Foreign-Born Women More Likely to Die From Heart Disease Than American Women
United States residents born in other countries have a lower death rate
from all causes than native-born residents, women who moved here from
other countries actually have a higher risk of dying from heart disease
and stroke, according to a new study.
Alexander Muennig of the New School University in New York , lead
author of the study, said the results are consistent with previous
research showing that people who move to this country are generally
healthier than those born here.
foreign-born women, there were 162 deaths per 100,000 due to congestive
heart disease compared with 122 per 100,000 among women born in the
U.S., the study found. The death rate among stroke victims was 58 per
100,000 foreign-born women compared to 49 per 100,000 native-born
women, according to the findings.
hypertension and hypertensive heart disease also were higher among
foreign-born women compared to those who are native-born, suggesting
that higher rates of hypertension may be partly responsible for the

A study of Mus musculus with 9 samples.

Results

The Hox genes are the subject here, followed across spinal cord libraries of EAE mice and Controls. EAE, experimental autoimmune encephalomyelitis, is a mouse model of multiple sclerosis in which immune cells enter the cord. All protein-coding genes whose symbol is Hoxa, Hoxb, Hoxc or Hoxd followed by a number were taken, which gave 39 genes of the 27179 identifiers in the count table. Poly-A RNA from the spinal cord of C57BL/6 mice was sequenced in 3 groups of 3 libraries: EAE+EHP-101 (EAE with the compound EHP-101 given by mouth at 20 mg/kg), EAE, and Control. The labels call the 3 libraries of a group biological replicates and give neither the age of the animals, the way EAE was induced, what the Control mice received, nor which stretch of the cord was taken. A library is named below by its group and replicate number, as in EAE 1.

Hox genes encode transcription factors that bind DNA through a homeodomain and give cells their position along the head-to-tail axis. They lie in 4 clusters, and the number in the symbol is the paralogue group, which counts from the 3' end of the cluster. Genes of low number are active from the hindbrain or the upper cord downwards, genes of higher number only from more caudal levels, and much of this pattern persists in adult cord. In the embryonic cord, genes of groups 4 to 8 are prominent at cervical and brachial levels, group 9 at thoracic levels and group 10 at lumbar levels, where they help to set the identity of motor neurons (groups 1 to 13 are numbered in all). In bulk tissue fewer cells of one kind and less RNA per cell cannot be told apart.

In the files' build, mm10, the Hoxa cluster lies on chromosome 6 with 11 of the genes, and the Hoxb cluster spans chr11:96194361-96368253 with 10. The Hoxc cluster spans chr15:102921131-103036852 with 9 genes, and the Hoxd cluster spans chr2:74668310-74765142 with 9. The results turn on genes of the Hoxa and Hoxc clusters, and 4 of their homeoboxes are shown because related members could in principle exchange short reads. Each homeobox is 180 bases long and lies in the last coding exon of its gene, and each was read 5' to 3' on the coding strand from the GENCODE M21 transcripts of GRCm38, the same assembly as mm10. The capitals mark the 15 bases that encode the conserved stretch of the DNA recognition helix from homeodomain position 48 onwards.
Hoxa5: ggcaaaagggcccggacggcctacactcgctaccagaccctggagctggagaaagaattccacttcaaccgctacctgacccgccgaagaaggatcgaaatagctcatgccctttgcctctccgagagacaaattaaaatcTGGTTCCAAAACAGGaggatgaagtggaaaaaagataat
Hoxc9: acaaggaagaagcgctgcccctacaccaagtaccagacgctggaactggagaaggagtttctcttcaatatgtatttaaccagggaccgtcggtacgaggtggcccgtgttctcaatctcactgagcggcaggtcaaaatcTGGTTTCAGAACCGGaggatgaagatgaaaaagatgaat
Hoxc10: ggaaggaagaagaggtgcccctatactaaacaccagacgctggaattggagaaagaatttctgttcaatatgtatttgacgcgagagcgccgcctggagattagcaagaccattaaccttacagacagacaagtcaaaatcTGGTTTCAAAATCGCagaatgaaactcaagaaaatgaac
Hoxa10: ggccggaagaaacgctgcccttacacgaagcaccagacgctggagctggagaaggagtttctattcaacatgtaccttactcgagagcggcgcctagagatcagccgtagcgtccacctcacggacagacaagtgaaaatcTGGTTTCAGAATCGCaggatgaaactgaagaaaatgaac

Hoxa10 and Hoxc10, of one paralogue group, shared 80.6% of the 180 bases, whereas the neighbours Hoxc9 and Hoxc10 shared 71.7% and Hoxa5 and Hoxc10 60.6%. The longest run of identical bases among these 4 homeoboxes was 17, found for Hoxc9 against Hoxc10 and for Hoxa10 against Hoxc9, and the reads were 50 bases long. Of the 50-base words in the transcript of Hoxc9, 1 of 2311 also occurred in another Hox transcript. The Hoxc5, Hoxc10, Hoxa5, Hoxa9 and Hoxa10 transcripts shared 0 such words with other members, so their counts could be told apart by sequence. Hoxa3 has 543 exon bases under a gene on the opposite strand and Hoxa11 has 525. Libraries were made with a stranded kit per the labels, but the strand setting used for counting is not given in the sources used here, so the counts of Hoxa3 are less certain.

higher rates of heart disease deaths, Muennig said.
researchers found that death rates from other causes, such as cancer
and diabetes, were lower among the foreign-born men and women who now
reside in the U.S. than among native-born residents. The study suggests
that foreign-born women may have higher rates of heart disease due to
factors such as lower rates of hormone replacement therapy use, the
research team added.
study said the findings could be due to a shift in the demographic mix
of new U.S. immigrants. For example, people from India and Pakistan
accounted for a larger proportion of new U.S. residents in the late
1990s compared to the early part of that decade; these immigrants
generally have more fat in their diets than immigrants from countries
such as China and Korea, the survey reported.
"The time has
come to include the newest Americans in the public health agenda so
that their health needs can be better understood and better met,"
Peter Alexander Muennig, New School University, 66 W. 12th St., New
York, NY 10011; (212) 229-5600, www.newschool.edu.